Fjords stand out from a crowd for both looks and temperament
Updated: Feb 8, 2023
BRENDA Renison and her Fjord pony, Irene, attract attention whenever they go to competitions.
Irene, pedigree name Gronengs Irene, is a magnet for admirers. On the sidelines at dressage and showing classes the golden pony with her vertical mane, people come to chat.
“Wherever we go, Irene always draws people to her wanting to know more of this breed and their amazing temperament,” Brenda said. “Kids just wanting to pat her and feed her treats.”
Brenda has four Fjords. She fell in love with the breed many years ago when there was a fire in Kinglake in Victoria and her family opened up their property for people to bring their horses to a safe area.
“Sharon Smith arrived with three beautiful horses; a breed I had never seen before. You could say I was smitten with them as soon as I saw them. This started my dream of one day owning one for myself,” she said.
It was many years until her dream came true and Brenda purchased her first Fjord, a big boy, Seaview Park Charley home named Thor, who now lives in semi-retirement at their property.
Thor and his rider competed in showing, dressage, jumping and combined driving.
“I discovered this breed is amazing to work with,” she said. “They are highly intelligent and always eager to please you.”
Thor was followed by a beautiful yearling filly named Odessa, who is now being introduced to being ridden, and then, Gronengs Irene.
“Irene is really showing everyone how versatile this wonderful breed is as I keep introducing her to new challenges that she does for me no matter what I throw at her, consistently placing in dressage competitions,” Brenda said.
It’s more than 40 years since the Van Raalte family imported two Fjord stallions and six mares into South Australia, the start of Fjord breeding in Australia. There are more than 1000 followers now on their Australian Facebook page.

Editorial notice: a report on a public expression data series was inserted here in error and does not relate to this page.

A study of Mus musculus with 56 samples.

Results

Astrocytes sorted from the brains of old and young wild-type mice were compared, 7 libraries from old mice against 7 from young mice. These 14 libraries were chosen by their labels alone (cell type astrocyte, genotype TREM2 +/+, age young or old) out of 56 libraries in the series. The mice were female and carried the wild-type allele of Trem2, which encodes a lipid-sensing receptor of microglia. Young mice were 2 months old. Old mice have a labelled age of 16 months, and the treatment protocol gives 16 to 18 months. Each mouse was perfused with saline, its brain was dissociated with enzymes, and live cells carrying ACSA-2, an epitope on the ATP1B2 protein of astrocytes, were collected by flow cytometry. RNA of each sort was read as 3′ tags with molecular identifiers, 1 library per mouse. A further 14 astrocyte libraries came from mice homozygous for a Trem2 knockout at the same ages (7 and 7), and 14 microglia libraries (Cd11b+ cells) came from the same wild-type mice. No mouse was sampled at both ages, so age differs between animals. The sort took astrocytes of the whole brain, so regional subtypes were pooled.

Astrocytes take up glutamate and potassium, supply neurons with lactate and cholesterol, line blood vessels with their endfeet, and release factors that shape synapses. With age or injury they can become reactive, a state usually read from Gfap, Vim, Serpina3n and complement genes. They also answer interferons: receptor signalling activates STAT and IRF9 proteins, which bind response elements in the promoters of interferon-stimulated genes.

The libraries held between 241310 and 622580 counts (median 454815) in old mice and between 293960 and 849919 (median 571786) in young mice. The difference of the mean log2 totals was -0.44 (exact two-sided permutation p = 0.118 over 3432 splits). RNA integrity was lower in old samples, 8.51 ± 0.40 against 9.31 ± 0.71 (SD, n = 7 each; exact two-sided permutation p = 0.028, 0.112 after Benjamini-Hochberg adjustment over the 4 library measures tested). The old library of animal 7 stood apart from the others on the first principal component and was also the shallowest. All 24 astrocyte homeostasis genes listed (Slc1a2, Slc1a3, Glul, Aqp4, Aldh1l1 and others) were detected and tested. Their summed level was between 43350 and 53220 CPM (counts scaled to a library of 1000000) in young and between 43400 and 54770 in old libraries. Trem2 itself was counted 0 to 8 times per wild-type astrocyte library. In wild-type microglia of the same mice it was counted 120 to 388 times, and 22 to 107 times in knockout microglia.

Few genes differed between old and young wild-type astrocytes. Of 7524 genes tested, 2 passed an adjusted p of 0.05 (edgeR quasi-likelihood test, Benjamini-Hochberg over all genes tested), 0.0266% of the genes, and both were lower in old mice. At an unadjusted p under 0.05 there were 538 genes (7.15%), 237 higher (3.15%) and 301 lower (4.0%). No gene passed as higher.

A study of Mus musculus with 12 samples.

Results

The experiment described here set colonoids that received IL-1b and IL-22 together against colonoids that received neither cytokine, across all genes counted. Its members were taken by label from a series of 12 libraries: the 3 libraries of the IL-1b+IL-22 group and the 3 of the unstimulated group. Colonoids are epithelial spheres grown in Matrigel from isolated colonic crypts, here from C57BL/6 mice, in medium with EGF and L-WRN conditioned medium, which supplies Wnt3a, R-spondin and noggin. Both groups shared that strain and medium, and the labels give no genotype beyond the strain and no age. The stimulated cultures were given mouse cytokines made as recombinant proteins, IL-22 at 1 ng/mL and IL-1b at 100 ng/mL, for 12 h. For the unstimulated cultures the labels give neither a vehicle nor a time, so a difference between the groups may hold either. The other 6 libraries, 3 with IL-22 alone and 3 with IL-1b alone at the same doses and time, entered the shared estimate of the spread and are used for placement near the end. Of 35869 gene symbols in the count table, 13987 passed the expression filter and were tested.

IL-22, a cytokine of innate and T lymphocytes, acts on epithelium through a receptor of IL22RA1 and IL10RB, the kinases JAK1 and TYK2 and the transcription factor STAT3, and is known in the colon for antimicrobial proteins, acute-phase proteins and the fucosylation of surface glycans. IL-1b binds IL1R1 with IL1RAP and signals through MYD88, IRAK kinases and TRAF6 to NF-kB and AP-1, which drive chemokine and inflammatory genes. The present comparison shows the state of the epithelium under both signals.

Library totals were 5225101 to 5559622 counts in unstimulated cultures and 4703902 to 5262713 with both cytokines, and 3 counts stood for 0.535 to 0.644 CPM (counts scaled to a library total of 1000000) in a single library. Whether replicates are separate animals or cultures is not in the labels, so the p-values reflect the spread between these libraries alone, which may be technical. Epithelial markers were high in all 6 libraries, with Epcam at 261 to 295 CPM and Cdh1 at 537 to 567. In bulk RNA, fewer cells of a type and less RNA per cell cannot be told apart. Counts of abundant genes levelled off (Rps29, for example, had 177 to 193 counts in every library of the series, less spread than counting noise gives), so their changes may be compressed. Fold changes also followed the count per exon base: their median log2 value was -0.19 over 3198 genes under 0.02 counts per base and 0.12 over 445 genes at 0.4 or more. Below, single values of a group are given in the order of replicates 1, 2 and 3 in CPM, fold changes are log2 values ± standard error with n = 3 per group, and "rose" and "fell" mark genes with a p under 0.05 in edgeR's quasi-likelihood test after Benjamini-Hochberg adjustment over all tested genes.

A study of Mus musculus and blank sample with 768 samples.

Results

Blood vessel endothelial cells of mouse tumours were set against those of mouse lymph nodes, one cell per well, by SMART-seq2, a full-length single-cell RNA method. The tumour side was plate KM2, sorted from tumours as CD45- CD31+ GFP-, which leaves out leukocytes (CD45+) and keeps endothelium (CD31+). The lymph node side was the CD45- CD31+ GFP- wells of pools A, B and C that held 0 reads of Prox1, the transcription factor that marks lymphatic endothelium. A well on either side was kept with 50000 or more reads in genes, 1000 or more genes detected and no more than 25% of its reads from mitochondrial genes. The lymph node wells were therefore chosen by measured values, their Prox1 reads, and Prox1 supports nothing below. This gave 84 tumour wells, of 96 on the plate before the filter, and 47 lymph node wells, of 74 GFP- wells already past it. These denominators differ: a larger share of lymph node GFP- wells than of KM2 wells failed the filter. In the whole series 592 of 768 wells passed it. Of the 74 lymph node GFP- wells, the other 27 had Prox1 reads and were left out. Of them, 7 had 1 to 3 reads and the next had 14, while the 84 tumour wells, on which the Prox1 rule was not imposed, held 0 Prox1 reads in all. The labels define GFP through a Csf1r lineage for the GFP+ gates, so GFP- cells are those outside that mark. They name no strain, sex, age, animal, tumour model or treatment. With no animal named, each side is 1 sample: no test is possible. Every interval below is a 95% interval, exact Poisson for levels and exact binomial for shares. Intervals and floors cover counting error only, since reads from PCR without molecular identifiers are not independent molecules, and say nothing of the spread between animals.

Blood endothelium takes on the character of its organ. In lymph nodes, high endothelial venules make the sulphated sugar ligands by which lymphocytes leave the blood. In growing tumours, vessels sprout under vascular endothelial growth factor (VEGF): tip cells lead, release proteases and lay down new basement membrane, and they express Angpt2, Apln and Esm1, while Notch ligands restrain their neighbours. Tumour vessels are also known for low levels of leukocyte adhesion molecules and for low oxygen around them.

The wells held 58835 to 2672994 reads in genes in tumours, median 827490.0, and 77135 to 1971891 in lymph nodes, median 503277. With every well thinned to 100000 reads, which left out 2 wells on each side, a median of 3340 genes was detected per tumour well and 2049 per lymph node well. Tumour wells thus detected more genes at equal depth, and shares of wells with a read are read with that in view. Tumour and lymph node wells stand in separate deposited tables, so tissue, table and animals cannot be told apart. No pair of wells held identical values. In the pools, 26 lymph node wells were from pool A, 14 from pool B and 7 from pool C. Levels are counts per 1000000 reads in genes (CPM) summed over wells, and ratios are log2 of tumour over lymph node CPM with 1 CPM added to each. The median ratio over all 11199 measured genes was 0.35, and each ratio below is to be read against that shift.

Apart from the Fjord’s distinctive appearance the one thing people chatting to Brenda about Irene always ask about is the vertical mane.
“The mane does have to be maintained with regular trimming to keep with the traditional look,” she said. “And it does have to trimmed in the traditional way for showing. The black stripe through the mane goes all the way along their back to their tail because they have the dorsal stripe. They do grow a normal, if bushy, mane if it’s let grow.”
It's obvious Brenda has fallen under the spell of this charming breed.
“I could go on forever about these guys as they really are amazing and you can't help but love them,” she said.
“I have passed my love of this breed to my daughter Melanie who now has her own beautiful Fjord mare called Sweetie who has just gone under saddle and proving again how wonderful their temperament is to work with.
“I treasure these moments that I share with my daughter and our love for this breed.
“I would definitely recommend this breed, with their beautiful temperament and just working with them either on the ground or under saddle.”